As the Communist Party begins its 17th Congress, one of the issues dominating the deliberations will be the growing income disparity that economic reforms and the consequent prosperity seem to have accentuated.
Debasish Roy Chowdhury
A recent report by the Asian Development Bank (ADB) shows China's Gini coefficient, a measure of income inequality, rose to 0.473 in 2004 from 0.4 in 1993. A Gini Coefficient of zero indicates equal income distribution, while 0.4 is considered the "danger mark". Anything above 0.4 should be cause for serious concern.
And concerned the Party leadership is, which is why its new policy focus is on building a "harmonious society".
But how do we get there? Balancing the goal of equity with the pursuit of greater liberalization and promotion of consumption is no cakewalk. More so when income disparity has reached the scale it has in China.
The richest 10 percent of Chinese families now own more than 40 percent of all private assets, while the poorest 10 percent share less than 2 percent of the total wealth.
The gap is starker between rural and urban areas and between coastal and inland regions. The average annual income of urban residents last year was 3.28 times that of their rural counterparts, up from 3.22 in 2005 and 3.21 in 2004.
This grim picture of growing inequality notwithstanding, China has made notable progress in poverty alleviation.
In 1990, one out of three in China lived in poverty, while today the number is below one in 10, according to a report by the UN and the ADB.
According to the World Bank, China's poverty rate fell from 64 percent when reforms began, to 10 percent in 2004, meaning about 500 million people were lifted out of poverty in just one generation.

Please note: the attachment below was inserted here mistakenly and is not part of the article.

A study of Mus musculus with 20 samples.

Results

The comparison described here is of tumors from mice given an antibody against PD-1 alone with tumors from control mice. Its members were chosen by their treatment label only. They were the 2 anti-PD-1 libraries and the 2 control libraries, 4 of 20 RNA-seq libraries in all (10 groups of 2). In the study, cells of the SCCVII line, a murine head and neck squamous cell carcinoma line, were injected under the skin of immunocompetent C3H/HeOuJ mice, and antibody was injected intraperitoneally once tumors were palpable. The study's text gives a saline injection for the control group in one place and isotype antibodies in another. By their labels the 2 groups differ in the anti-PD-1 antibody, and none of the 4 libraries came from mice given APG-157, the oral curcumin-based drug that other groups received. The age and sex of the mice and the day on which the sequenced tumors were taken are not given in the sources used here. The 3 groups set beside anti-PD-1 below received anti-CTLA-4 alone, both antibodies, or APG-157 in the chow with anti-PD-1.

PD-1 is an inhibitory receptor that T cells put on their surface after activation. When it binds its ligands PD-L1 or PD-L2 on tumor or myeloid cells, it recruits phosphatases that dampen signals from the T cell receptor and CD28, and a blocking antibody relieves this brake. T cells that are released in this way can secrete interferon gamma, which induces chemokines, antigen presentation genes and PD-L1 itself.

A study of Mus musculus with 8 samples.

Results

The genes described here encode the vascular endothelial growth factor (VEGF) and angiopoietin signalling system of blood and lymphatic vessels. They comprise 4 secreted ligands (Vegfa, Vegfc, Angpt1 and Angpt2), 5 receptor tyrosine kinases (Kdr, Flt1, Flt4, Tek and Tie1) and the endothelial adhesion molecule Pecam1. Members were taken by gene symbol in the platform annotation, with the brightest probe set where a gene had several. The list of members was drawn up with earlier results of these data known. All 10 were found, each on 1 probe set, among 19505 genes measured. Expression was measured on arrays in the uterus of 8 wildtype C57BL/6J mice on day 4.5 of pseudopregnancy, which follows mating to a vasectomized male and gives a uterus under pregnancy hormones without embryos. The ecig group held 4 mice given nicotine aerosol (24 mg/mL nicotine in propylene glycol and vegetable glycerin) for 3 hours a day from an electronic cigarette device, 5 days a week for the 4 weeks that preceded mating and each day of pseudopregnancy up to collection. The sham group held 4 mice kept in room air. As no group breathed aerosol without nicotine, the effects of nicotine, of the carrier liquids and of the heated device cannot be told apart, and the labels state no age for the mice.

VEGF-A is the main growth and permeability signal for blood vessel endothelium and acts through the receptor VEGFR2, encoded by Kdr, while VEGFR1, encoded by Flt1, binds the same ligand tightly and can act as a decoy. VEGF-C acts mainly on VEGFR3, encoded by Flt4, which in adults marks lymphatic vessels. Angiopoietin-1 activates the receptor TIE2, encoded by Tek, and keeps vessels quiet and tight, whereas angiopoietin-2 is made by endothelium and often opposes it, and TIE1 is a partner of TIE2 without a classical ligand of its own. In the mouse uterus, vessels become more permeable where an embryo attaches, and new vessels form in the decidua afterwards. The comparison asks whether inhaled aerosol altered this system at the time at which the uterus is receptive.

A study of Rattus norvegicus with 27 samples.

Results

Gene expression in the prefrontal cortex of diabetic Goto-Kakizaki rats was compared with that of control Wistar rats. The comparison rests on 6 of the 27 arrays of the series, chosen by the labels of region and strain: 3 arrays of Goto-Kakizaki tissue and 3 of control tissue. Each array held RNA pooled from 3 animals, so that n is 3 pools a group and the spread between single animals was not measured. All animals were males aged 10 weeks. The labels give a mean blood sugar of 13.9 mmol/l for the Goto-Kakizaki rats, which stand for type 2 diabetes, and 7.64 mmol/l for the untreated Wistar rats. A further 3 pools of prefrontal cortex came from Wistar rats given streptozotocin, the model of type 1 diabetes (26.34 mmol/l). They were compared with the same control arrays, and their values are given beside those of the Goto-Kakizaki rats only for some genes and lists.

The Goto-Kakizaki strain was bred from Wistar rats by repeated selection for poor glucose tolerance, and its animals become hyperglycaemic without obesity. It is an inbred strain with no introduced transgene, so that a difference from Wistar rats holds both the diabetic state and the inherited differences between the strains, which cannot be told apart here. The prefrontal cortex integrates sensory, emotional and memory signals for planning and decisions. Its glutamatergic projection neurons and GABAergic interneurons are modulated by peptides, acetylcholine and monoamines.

But as China prospers, cities are getting rich faster than the villages. Last year, urban residents' per capita disposable income rose 52.7 percent over 2002, while that of rural residents rose by just 27.1 percent.
Clearly, as reforms pull people out of poverty, it's leaving some far better off than others, a situation fraught with negative social implications.
To China's credit, it has moved decisively to address this by instituting an elaborate social assistance system to help those left behind by the reforms.
The so-called dibao policy guarantees a minimum standard of living for the poor with the help of cash transfers to those who earn less than the set local standard. This has greatly helped in mitigating extreme poverty.
The essence of the dibao system is similar to bolsa familia, an immensely popular government welfare program in Brazil that provides financial aid to poor families. While dibao now covers 22.35 million people, bolsa familia reaches 46 million.
The Brazilian program inspires hope for China as income inequality measured in 2004 in that country fell by almost 4.6 percent from 1995, largely because of bolsa familia.
So China is on the right path. More importantly, these two emerging economies have successfully established an alternative development paradigm that shows more market doesn't have to mean less State.
It doesn't have to mean more disparity either, provided there is no poverty of ideas.
The author is a senior editor with China Daily. Previous to this, he worked in India and Thailand as a news editor for the South China Morning Post, Asia Times Online, Hindustan Times, The Statesman and The Telegraph, with a year in between as a research fellow at Fernand Braudel Institute of World Economics in Brazil.